When I was training as a cold war radio operator we were told that World War Three would probably begin with the Russians quietly mining British ports so that we could be brought down by food riots without the need to Nuke us - unless we (or the Americans) struck back in retaliation. It put the billions on missiles and tanks into a different perspective.
Now take a look at the equivalent moden day "assymetric warfare" scenario. China has a spat with Taiwan, The Americans put two Carrier Task forces into the China Seas. Walmart, Tesco and few other critical food/cash distributors then go off air - leading to food riots, civil chaos and regime collapse in the US and UK - before anyone knows for certain if it was an accidental power or system failure, organised crime or ...
Is that scenario sufficiently likely to justify billions of dollars/pounds into cybersecurity budgets?
If so, would it not be more cost effective to use "aid to the civil power" to train and equip those responsible for defending the nation's critical systems against all-comers - from mother nature and digititis (finger trouble alias cock-up) to organised crime.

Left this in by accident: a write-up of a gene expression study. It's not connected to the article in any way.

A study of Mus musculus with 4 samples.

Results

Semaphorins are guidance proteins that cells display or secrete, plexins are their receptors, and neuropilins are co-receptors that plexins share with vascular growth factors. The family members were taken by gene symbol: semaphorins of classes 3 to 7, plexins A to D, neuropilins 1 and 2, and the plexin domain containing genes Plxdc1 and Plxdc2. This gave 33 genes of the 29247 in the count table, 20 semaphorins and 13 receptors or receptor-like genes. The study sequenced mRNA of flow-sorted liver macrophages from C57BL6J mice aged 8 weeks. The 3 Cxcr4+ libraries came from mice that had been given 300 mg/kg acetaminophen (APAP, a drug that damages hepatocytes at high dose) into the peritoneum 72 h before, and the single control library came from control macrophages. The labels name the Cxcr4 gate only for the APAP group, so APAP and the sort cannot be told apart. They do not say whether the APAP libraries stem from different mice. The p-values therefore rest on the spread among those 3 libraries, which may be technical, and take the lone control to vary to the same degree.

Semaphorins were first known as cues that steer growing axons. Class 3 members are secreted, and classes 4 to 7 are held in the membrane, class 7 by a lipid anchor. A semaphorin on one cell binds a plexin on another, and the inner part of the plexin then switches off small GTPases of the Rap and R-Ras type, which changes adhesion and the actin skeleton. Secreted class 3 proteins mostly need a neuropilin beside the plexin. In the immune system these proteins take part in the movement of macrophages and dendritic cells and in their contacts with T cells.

If so, the first step is surely to begin by protecting the taxable revenues of the on-line gambling companies on whom the cyberwarfare techniques are being tested - very profitably for the equipment budgets and personal pension funds of those doing the testing.
Similarly should not the tracking, tracing and removal of those responsible for floods of spam and malware be a part of our cyber-civil defence effort?
Rather than plough billions into separate, hardened government networks would it not be more cost-effective to remove the barriers to investment in mainstream communications resilience - beginning with business rating valuations on the critical national infrastructure that do not reflect the fact that surplus capacity for emergency use rarely earns the revenue to cover the rates, let alone give a commercial return after tax.
Given that we are increasingly reliant on China for our technology, let alone the funding to cover our budget deficits, does not such an approach also offer the prospect of a much better way forward to an age of peaceful and profitable co-existance?
Given that the Chinese wrote the Art of War before the rise of Rome we should pay them the respect of looking thoughtfully at their strategy for "trading" (as opposed to fighting) their way out of their domestic difficulties. We should look through their eyes at the policies of those (US and EU) seeking to preserve Western consumption patterns and protectionist regulatory bureaucracies without recognising that we once again need to earn a living.